Girls approached for ‘business’ in red-light district as headmaster fears for safety


One headmaster told how he fears young girls could be abducted as they walk through the Managed Approach Area in Holbeck, Leeds.

Headteacher of The Ruth Gorse Academy, Ben Mallinson, told how his pupils have to walk through the area to get to school and some have been pestered by men.

Since 2015, sex workers have been able to operate in Holbeck's Managed Approach area, a small industrial zone near Leeds city centre where police say there is a “lower likelihood of arrest” for those involved in the sex trade.

But pupils have told the BBC of being approached by men asking if they are "open for business" and having to walk past used condoms and needles.

(Image: © Glen Minikin)


“I've been asked by sex workers if I was one of them as well walking back from school on a different occasion.

"It will happen to other children probably just as it happened to me and as long as the zone is there it will carry on happening.”

Another told how she was grabbed by a man who told her "I like you" when walking alone when it was dark. She told how she was "really scared" and when she walked faster the man also picked up his speed to keep up with her.

A male pupil told the BBC his friend had been asked for sex.

The Zoen in Holbeck in Leeds is known as a 'toleration zone'
(Image: © Glen Minikin)


He told the BBC he became "gravely concerned" that his female pupils could come to harm, having walked through the area to see for himself, and wants the zone to be scrapped.

He said: “There was extensive evidence of drugs and alcohol misuse, and experiencing that every day takes its toll on a young person's mental health and wellbeing.

"Students should be free from harm and be able to travel to and from school without being worried for their own safety and that of their peers."

In November 2018, the Mirror reported how Leeds councillors voted to have an independent review into the managed approach, in Holbeck, after calls were made for it to be suspended.

A sex worker waits for a customer on the streets of Holbeck, the first 'managed' zone for prostitution in the UK
(Image: Getty Images)

Debra Coupar, Leeds City Council’s deputy leader, told the BBC: “I would urge anyone who witnesses any form of indecency or unacceptable behaviour to please contact the police or Safer Leeds partnership immediately so a full and thorough investigation can be undertaken.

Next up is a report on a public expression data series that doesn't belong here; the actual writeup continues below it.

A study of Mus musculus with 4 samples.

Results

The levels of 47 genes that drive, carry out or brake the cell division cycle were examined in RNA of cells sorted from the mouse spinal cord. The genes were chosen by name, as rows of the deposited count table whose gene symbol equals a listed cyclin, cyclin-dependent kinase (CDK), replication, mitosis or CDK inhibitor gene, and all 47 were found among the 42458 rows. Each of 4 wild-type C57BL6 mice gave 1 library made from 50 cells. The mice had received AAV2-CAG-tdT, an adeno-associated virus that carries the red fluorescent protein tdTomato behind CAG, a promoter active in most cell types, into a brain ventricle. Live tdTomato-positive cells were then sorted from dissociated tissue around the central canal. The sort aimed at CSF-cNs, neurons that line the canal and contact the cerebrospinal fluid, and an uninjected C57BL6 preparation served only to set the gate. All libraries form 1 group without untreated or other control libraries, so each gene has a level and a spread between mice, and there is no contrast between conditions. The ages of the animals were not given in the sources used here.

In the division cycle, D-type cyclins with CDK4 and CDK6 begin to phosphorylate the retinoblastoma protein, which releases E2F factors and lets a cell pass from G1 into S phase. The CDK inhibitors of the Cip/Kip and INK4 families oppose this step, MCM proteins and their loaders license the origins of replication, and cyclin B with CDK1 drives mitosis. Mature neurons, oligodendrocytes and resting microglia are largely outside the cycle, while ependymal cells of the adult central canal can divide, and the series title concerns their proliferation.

"Along with the police, a designated Safer Leeds team also patrols the area of the Managed Approach and we will always take appropriate and firm action against any individuals involved in unacceptable behaviour.

"No incidents that are reported will ever be ignored."

In 2018, a schoolgirl who lives nears the first managed red light zone told the Mirror she had been approached about 12 times by “old men” with one offering her sweets for sex.

Chloe Lynch, 14, said she had been pestered since she was 12 while walking to and from school in her uniform.

Sex workers can operate without fear of prosecution
(Image: BBC/Ben Blackall)

She said: “Once I was in a group walking back and a man offered us sweets.

“Another time an old man asked if I was working and asked me to go in his house.

“It is frightening. Before, I thought prostitute meant some sort of politician. I didn’t even know what one was. But now I know what it means. It’s scary.”

Chloe’s mum Gemma, 35, said locals fear for the safety of their children, who are exposed to sexual activity almost daily.

She told how her youngest child, nine-year-old Charis, saw a prostitute injecting a man in his genitals.

“We don’t let the kids play out now,” Gemma said.

Holbeck Lane is where the sex workers operate but locals say the practice often spreads to the nearby streets
(Image: Glen Minikin/Daily Mirror)

“This managed area was all right at first but now it has spread to residential streets.”

Even the local primary school caretaker had been forced to clear up condoms and used syringes every morning, campaigners claimed at the time.

And a grandmother alleged a man approached her as she pushed a pram and sickeningly asked her for an hour alone with the baby.

Police said they were investigating this claim.

Local shop owner Laura Walton, 39, said in 2018: “The managed area has spread – some can’t be bothered to walk down to the zone.

A CCTV camera in the zone
(Image: Glen Minikin/Daily Mirror)

“There’s used condoms and needles all over Holbeck now. The prostitution seems to have moved to the residential areas.

“People are seeing them having sex outside their homes, in people’s driveways, phone boxes and around St Matthew’s Church. In the summer it gets worse and we have to prepare ourselves.

"I had customers in one day with children and a woman lifted her skirt up at us.

“My friend’s little boy is four and he asked his mum about one woman: ‘She’s not coming back is she, that bad lady?’”

In 2018, desperate women who said there were forced to sell their bodies after getting caught in a poverty trap urged the council not to axe the zone.

One, a 30-year-old mum, said: “I’ve got no criminal record and I don’t take drugs. I’ve never stolen anything in my life. But three months ago I lost my professional job of 10 years and I’ve got nothing to live on.

“I’ve got a claim in for benefits but haven’t had a penny. They tell me to be patient, but being patient isn’t going to feed my child or pay my mortgage.

“A few months ago I’d only ever slept with seven men, now I’m seeing perverts every night.

“I hate it but I’ve got to pay my bills and save my home. This is my secret, my partner thinks I work in a bar. It’s a horrible secret to keep.”

But she urged the council and police not to shut the zone down, adding: “This is an industrial area, there’s CCTV and police patrolling all the time.

"It’s safe for us here. You’re never going to stop this trade, toleration is the key.”